Divorce is defined as "the action or an instance of legally dissolving a marriage." Though the definition that Merriam-Webster uses is true, the definition is a little different if you've lived it. And comes with a little more baggage than one might think.
For me divorce was moving miles away from my dad, starting in a new school district, and leaving my best friends behind. It was packing up every other weekend to go spend time with my dad, alternating holidays, and talk of child support. It was not making eye contact with the empty seat that my dad used to sit in at the dinner table, it was trying to cheer my mom up after she heard a song that reminded her of a simpler time and it was wishing on every 11:11 moment that God would put my life back to the way it was. It was a lot of bitterness, confusion and heartbreak, especially for an eleven-year-old girl. And for the longest time, it was a grudge I held buried deep in my heart.
Now at the age of 20, I realize that holding onto that anger and hurt did not benefit anyone. I have learned that there is no point to hold onto something that you physically have no power to change. There comes a point in time when you realize that you just have to let go and let God. And when you do, things can turn out pretty great.
My "evil stepmother" has become one of the people I look up to the most. There is no rule that you have to love your stepchildren; it is a choice. My stepmom chose to accept, support and love me as her own. And I can tell you that I haven't always made it easy for her. From retrieving my keys from within my locked car to making my favorite meal after a long day to watching my crazy and slightly terrible dance moves to just listening to what I have to say she is always there for me. My "wicked step-sisters" have become some of my best friends. Our talks range from boys to work to new dance moves to not talking about it but being about it and everything else in between. From Bahama Bucks visits to synchronized swimming to dance fusion to Target trips to shouting the lyrics to "Miss New Booty" at the top of our lungs — there is never a dull moment when I am with them. I couldn't have asked for better "sistas' from anotha' mista.'" And my "horrible stepbrother" has become one of the funniest people I know. Between some grade A sarcasm to random facts about such random topics to the best chocolate chip cookies, I know I can always count on him for a good laugh. Whether he is sucking down some "mother's milk" or talking about his future ownership at an Italian restaurant he is always cracking me up.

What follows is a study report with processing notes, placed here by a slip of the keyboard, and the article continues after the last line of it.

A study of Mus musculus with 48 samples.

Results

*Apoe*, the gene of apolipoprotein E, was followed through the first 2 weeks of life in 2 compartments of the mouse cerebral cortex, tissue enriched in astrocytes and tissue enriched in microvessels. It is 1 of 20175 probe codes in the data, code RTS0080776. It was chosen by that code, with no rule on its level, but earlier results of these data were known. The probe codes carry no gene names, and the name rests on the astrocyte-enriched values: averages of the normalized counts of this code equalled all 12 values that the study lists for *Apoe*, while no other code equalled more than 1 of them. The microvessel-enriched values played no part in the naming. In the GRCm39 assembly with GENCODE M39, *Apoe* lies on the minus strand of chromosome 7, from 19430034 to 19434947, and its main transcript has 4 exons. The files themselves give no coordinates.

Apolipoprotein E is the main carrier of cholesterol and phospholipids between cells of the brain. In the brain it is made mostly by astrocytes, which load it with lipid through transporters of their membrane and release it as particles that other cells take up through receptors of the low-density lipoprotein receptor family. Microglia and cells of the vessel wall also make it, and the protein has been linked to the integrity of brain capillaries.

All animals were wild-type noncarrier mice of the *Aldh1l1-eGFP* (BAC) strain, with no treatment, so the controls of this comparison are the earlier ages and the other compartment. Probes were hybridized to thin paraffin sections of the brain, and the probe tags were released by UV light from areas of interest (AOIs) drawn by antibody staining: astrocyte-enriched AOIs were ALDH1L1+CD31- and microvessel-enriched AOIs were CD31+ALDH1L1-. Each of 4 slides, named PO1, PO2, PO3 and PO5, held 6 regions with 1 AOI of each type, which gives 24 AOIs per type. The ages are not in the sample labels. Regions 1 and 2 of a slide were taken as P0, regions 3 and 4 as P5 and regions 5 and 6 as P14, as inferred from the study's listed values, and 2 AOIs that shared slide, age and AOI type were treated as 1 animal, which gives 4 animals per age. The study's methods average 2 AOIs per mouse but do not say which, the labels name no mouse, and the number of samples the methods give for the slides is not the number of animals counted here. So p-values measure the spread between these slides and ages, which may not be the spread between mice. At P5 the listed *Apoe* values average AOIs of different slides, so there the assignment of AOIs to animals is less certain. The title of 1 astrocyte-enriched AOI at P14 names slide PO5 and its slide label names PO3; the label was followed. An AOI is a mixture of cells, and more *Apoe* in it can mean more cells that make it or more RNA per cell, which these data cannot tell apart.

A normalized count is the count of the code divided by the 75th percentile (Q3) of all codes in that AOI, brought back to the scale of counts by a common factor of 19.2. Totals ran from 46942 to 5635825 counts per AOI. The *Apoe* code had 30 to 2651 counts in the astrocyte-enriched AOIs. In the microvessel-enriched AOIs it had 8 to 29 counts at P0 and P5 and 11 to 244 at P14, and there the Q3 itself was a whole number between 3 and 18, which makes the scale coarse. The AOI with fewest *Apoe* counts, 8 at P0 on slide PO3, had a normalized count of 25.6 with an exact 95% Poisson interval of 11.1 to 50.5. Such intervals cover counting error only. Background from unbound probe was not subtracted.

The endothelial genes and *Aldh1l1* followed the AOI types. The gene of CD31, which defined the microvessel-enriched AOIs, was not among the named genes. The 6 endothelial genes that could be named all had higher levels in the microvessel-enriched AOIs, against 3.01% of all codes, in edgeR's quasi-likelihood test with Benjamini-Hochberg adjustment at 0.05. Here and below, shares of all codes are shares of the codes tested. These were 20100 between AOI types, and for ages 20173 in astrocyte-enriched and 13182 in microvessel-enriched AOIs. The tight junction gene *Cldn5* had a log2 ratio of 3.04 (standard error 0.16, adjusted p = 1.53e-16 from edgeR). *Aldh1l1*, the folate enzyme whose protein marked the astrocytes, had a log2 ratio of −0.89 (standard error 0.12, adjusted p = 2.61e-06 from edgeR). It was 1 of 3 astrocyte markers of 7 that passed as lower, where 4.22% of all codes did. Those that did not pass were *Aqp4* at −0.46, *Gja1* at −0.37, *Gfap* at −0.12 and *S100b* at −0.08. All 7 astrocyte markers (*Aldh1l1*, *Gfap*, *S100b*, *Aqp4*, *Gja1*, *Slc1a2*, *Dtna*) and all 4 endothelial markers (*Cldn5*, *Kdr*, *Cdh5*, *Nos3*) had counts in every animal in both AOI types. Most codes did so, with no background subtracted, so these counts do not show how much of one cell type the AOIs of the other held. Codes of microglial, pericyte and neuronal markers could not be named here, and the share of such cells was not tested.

I say all of this because no one tells you that your step-sisters aren't wicked or that your stepmom isn't actually evil. No one tells you that it's possible to love your stepfamily just as much as your blood family. No one tells you that your step-family might be a piece of your family that you never knew you were missing.
If someone had told me this a year or two ago I would have laughed and walked away. A year or two ago, the people that I referred to as my stepfamily were strangers to me. But now they are just my family. There is nothing step about my family anymore. And I thank God for that every day.